Just after the March primaries for the U.S. House Special Election in South Carolina's 1st Congressional District, the race between Democratic candidate Elizabeth Colbert Busch (Stephen Colbert's sister) and disgraced former Republican Gov. Mark Sanford was said to be "a toss-up", according to surveys by Public Policy Polling (PPP), one of the most accurate polling firms across the entire country during the 2012 President Election cycle. They had Colbert Busch up by 2 points over Sanford in that early pre-election poll.
Just over two weeks ago, as news broke that Sanford was due to appear in court after his ex-wife claimed he had been caught trespassing at her home, PPP found that Colbert Busch's lead had expanded to 9 points in the race.
Over the weekend, in their final polling, PPP found the gap had closed, and Sanford was leading by 1 point in a race they described, one again, as "a toss-up".
Tonight, South Carolina's same 100% unverifiable touch-screen voting systems that declared the unknown, unemployed, never-once-campaigned-anywhere Alvin Green to have somehow defeated four-term state legislator and circuit court judge Vic Rawl to win the 2010 Democratic nomination for the U.S. Senate, declared Mark Sanford the winner over Elizabeth Colbert Busch by a 9 point landslide...
The unverified and unverifiable computer-reported results tonight led PPP's Tom Jensen to tweet: "I feel bad about our SC-1 polling, I'd feel worse if there had been any indication from any other polling that Sanford landslide was coming".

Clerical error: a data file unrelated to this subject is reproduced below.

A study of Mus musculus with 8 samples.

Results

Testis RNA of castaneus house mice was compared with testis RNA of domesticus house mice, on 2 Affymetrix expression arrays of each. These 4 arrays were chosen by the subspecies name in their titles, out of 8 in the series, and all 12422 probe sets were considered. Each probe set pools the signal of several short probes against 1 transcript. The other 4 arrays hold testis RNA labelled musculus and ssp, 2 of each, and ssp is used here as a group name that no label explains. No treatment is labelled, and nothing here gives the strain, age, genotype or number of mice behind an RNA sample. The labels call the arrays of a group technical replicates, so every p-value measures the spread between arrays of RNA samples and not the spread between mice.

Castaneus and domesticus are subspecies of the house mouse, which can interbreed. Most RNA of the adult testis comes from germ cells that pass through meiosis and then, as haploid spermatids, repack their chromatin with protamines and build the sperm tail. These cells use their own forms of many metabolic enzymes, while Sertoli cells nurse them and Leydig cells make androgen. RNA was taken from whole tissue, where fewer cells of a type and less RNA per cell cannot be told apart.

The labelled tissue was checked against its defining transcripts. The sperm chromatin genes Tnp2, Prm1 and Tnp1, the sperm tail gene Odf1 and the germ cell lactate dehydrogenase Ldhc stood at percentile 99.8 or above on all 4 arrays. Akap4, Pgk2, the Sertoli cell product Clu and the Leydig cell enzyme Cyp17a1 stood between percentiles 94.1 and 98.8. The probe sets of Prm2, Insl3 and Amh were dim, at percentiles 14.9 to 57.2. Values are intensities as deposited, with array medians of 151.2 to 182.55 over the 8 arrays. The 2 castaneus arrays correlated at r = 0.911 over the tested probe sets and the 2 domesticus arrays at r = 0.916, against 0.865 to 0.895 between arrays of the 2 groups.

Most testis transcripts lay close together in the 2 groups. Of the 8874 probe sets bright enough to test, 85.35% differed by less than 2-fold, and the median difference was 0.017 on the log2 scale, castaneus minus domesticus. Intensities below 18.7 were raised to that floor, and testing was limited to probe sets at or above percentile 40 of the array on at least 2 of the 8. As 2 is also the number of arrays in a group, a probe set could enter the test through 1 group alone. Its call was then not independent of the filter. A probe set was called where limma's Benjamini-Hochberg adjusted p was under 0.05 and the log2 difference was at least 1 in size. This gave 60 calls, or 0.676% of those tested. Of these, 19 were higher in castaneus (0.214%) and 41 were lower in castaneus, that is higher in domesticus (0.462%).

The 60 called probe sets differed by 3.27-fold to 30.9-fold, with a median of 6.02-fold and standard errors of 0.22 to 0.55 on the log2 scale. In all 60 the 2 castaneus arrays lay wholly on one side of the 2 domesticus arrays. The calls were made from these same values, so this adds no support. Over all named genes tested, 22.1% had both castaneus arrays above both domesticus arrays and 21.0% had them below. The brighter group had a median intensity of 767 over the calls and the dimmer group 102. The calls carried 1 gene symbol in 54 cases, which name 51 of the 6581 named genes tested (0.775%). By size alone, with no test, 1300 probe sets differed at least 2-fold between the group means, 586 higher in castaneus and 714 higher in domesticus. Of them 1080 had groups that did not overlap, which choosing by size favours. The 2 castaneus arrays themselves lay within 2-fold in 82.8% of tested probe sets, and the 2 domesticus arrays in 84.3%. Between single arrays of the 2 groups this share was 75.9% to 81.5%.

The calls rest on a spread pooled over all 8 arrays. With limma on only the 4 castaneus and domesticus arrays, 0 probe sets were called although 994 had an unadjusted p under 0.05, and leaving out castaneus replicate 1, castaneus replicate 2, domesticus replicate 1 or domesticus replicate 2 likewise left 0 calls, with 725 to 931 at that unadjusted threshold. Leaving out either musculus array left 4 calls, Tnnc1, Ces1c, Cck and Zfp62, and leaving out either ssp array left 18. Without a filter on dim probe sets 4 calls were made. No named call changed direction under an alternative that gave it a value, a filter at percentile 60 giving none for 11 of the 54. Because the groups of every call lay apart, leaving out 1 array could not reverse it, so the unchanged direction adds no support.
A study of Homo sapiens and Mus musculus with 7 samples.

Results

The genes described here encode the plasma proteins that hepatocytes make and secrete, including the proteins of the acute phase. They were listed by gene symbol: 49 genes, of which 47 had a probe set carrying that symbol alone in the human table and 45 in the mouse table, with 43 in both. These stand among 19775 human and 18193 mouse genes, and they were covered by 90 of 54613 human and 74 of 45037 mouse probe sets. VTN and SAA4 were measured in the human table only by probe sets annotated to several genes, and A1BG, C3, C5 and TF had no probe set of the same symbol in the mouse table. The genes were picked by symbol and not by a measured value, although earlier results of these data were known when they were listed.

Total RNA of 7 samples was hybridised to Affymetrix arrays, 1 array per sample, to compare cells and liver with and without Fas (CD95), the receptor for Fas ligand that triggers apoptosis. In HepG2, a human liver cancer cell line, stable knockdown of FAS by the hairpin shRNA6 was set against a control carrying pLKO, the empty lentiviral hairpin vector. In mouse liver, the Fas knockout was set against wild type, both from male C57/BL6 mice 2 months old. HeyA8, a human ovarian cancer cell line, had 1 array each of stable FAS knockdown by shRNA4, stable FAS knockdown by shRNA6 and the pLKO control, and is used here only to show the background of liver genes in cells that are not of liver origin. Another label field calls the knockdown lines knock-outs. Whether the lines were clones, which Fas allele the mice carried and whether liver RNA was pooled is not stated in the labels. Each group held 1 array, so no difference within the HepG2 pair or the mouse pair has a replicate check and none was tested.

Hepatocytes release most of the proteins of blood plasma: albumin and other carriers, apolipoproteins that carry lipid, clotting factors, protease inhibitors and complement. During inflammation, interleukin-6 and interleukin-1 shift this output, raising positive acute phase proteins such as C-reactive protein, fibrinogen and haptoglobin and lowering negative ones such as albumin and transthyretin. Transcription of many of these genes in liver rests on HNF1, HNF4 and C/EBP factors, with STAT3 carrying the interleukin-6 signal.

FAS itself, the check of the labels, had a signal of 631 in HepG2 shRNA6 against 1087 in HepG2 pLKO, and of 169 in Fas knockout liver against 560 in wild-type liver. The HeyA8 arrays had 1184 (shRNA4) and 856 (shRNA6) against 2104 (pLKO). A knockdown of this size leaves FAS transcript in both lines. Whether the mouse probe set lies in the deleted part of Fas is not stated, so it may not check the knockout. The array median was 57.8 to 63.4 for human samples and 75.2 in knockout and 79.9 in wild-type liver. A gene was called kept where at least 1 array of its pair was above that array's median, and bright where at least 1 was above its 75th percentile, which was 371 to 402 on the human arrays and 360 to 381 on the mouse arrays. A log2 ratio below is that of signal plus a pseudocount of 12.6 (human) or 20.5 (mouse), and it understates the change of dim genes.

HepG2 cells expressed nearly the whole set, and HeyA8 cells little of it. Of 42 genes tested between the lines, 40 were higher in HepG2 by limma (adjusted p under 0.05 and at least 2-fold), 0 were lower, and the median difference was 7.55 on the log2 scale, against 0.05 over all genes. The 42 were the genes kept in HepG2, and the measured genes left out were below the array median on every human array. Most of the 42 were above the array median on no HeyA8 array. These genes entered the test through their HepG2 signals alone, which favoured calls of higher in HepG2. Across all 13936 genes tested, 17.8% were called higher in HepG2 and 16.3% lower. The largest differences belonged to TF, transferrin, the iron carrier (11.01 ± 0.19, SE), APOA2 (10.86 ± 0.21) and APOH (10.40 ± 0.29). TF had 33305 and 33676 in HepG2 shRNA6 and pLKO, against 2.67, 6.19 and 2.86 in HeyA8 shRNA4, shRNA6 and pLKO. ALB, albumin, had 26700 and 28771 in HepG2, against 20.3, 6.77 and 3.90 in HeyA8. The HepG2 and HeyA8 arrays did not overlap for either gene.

Neither Jensen nor PPP should feel bad. There was no more indication that a "landslide was coming", than there is proof tonight that it actually came.
We explained last month, in detail, why the votes cast in this race on SC's oft-failed, easily-manipulated ES&S iVotronic touch-screen voting system would be 100% unverifiable. As Vic Rawl, a Colbert Busch supporter and the man who inexplicably "lost" to Alvin Green told us at the time, no matter what the results would be tonight, no matter how inexplicable they might be, "the fact is, there's not a darn thing that anybody can do about it."
While it's completely possible that PPP's pre-election numbers were entirely wrong, or that the disgraced Sanford legitimately, somehow, achieved an 18 point turnaround in just two weeks, the voters of SC will never know one way or another if he did or didn't. Once again, we have another 100% unverifiable faith-based election in the world's once-greatest democracy.